September 24, 2018

BDN | BDN
BDN | BDN
By Christopher Burns, BDN Staff
Updated:

BANGOR, Maine — If you don’t have one already, you may want to apply for a passport because soon a Maine driver’s license might no longer be an accepted form of identification to access federal facilities or board aircraft for domestic flights.

That’s because Maine isn’t in compliance with a law regulating state-issued IDs, passed in 2005 in response to the 9/11 terrorist attacks, and the federal government this week rejected the state’s request for additional time to comply.

In a letter dated Oct. 11 sent to the Maine secretary of state’s office, the Department of Homeland Security said the state would not get additional time to comply with provisions of the Real ID Act because it had “not provided adequate justification for continued noncompliance.”

But getting into compliance won’t be easy because the Legislature in 2007 passed a law that prohibited the state from complying with Real ID amid concerns it would create a de facto “ internal passport.” The secretary of state’s office said Wednesday that it can’t take steps to comply with Real ID until the law is repealed and that compliance will take time.

“It would take several months to implement the changes at [the Bureau of Motor Vehicles] to come into compliance, not accounting for the time it would take for the Legislature to act on changing the law,” Kristen Muszynski, spokeswoman for the secretary of state’s office, said in an email.

She pegged the price tag of compliance at $1 million.

Maine is among 27 states and five territories not in compliance with the law, and it has a grace period until Jan. 29, 2017, before federal agencies stop accepting Maine-issued identification. Four other states — Kentucky, Oklahoma, Pennsylvania and South Carolina — also have grace periods until the same date, while requests for additional time to comply are under review for Montana, Guam and the Virgin Islands.

Once that date passes, federal facilities — including military bases, nuclear power plants and the U.S. mint, among others — will not permit access to visitors with Maine-issued identification as long as the state is not compliant with the federal law, according to the letter from Homeland Security.

The consequences from not complying with Real ID increase as Homeland Security continues to roll out the final phase of implementation. In January 2018, travelers who want to board domestic flights will need identification compliant with Real ID or an accepted alternative, such as a U.S. passport or passport card.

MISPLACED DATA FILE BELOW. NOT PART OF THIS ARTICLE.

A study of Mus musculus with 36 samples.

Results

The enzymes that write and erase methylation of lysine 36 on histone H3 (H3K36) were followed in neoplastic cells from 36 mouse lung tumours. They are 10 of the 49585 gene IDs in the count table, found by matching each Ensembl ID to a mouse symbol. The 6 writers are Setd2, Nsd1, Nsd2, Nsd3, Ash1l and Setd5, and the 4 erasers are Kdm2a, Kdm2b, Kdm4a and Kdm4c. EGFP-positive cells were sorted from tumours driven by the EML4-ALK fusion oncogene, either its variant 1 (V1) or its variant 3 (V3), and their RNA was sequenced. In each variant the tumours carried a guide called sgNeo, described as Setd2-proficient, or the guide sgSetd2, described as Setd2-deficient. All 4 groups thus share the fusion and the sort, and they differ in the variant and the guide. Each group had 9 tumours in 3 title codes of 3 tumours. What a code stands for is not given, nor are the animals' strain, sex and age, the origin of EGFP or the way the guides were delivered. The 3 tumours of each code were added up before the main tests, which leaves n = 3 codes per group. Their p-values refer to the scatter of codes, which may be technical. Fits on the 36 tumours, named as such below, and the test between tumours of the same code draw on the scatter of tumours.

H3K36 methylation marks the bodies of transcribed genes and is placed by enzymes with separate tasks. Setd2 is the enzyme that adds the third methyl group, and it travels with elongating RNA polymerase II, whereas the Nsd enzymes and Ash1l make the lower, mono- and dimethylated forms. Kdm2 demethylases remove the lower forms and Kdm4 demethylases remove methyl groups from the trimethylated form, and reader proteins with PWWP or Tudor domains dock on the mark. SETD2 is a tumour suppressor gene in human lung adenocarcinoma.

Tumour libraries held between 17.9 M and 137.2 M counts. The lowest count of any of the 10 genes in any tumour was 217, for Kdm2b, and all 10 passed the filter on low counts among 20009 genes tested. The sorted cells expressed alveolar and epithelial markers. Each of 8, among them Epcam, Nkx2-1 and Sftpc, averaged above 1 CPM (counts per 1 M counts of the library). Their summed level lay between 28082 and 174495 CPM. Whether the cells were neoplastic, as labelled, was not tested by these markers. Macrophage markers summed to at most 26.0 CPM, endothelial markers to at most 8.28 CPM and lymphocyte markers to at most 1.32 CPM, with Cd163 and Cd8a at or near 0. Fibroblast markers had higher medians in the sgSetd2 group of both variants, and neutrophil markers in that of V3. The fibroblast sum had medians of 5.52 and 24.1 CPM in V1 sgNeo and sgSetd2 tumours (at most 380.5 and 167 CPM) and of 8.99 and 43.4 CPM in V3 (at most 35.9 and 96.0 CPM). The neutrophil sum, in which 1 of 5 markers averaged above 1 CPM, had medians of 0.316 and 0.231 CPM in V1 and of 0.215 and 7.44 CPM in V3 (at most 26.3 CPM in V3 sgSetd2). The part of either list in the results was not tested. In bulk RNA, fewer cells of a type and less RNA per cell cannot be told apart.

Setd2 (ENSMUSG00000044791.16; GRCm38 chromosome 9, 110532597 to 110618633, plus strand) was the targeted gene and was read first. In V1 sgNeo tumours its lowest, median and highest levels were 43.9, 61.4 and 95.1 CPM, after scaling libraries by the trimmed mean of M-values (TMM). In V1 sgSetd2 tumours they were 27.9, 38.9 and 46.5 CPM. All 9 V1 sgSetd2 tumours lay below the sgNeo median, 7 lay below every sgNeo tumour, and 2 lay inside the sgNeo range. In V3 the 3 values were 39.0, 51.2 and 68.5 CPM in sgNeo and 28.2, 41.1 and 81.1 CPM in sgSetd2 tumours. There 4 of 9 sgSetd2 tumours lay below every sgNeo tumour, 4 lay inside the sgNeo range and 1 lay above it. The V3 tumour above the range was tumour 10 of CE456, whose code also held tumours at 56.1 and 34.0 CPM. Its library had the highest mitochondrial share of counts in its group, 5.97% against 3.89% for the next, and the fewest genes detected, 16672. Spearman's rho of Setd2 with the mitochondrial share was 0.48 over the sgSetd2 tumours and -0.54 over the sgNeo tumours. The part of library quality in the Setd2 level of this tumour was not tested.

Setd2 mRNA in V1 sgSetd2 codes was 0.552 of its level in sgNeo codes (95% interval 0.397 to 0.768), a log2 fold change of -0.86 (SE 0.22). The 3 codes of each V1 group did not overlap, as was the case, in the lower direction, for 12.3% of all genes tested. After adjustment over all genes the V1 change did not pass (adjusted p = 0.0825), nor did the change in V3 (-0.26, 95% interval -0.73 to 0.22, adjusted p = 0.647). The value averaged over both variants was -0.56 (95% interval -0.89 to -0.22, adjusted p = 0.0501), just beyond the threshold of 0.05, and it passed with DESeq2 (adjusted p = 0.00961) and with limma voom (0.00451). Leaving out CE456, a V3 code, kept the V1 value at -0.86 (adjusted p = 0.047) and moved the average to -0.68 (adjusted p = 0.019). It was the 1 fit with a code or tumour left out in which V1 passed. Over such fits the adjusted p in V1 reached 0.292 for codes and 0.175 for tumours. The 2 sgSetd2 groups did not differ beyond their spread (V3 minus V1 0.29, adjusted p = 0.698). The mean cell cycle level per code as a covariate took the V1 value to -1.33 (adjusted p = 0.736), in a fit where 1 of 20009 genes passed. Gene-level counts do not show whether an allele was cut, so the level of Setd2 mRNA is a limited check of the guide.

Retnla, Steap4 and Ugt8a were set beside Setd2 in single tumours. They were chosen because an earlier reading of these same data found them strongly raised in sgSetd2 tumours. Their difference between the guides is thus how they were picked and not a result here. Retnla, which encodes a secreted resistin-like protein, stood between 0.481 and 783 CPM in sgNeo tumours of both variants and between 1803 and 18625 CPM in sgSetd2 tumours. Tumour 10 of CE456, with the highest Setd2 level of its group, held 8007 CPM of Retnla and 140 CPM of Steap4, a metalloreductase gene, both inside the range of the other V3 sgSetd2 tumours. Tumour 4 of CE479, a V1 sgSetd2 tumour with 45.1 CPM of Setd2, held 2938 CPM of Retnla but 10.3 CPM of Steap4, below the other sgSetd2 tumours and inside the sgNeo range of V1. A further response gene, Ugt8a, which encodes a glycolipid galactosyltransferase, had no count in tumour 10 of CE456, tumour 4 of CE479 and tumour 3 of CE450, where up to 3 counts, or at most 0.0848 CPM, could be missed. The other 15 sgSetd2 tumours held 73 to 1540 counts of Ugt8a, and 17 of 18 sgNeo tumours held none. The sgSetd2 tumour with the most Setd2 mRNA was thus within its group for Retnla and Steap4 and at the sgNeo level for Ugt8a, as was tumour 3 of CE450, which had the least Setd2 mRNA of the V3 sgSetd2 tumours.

Patrick Sclafani, regional public affairs officer of the U.S. General Services Administration, said Wednesday in an email that it was too early to tell whether Maine residents would be denied access to federal buildings. Identification is not required to enter the Margaret Chase Smith Federal Building in Bangor, but it is required on the third floor where the federal court is located. Identification also is required to enter the Edward T. Gignoux U.S. Courthouse in Portland.

Maine-issued identification still will be accepted for voter registration, being licensed to drive and applying for or receiving federal benefits.

In January, Secretary of State Matthew Dunlap told the BDN that the state has met several requirements of the federal law. It has tightened security where licenses are made and licenses are valid for only eight years. Undocumented immigrants can no longer get Maine licenses.

But Maine has failed to meet some of the act’s more controversial requirements, such as using facial recognition software at Bureau of Motor Vehicles offices and fingerprinting Bureau of Motor Vehicles employees. In addition, the state hasn’t started to use Homeland Security-approved security markings on ID cards.

Real ID originated as a policy recommendation included in the 9/11 Commission Report. The report recommended additional security policies to prevent undocumented immigrants and terrorists from obtaining U.S. driver’s licenses. Several of the 9/11 hijackers had obtained state-issued driver’s licenses in the months leading up to the attack.

The hijackers, however, entered the U.S. with State Department issued visas and passports, and the federal government has largely exempted itself from the law, Dunlap told the BDN last year. Foreign passports are among the other accepted forms of identification for boarding an aircraft.

Homeland Security said in its Oct. 11 letter that Maine could get additional time to comply with Real ID if it demonstrates it is taking steps to get in line with unmet provisions of the law. So far, however, the Legislature has shown little interest in complying with the federal government, and legislative action is unlikely until the next Legislature is seated in 2017.

“The Legislature was hoping that the extension would be granted, so it was put on the back burner,” Democratic Rep. Andrew McLean, the House chair of the Legislature’s Transportation Committee, which oversees the Bureau of Motor Vehicles, said on Wednesday. “We’re going to have to have a conversation about complying with the federal government. What the outcome will be, I’m not sure.”

BDN writer Judy Harrison contributed to this report.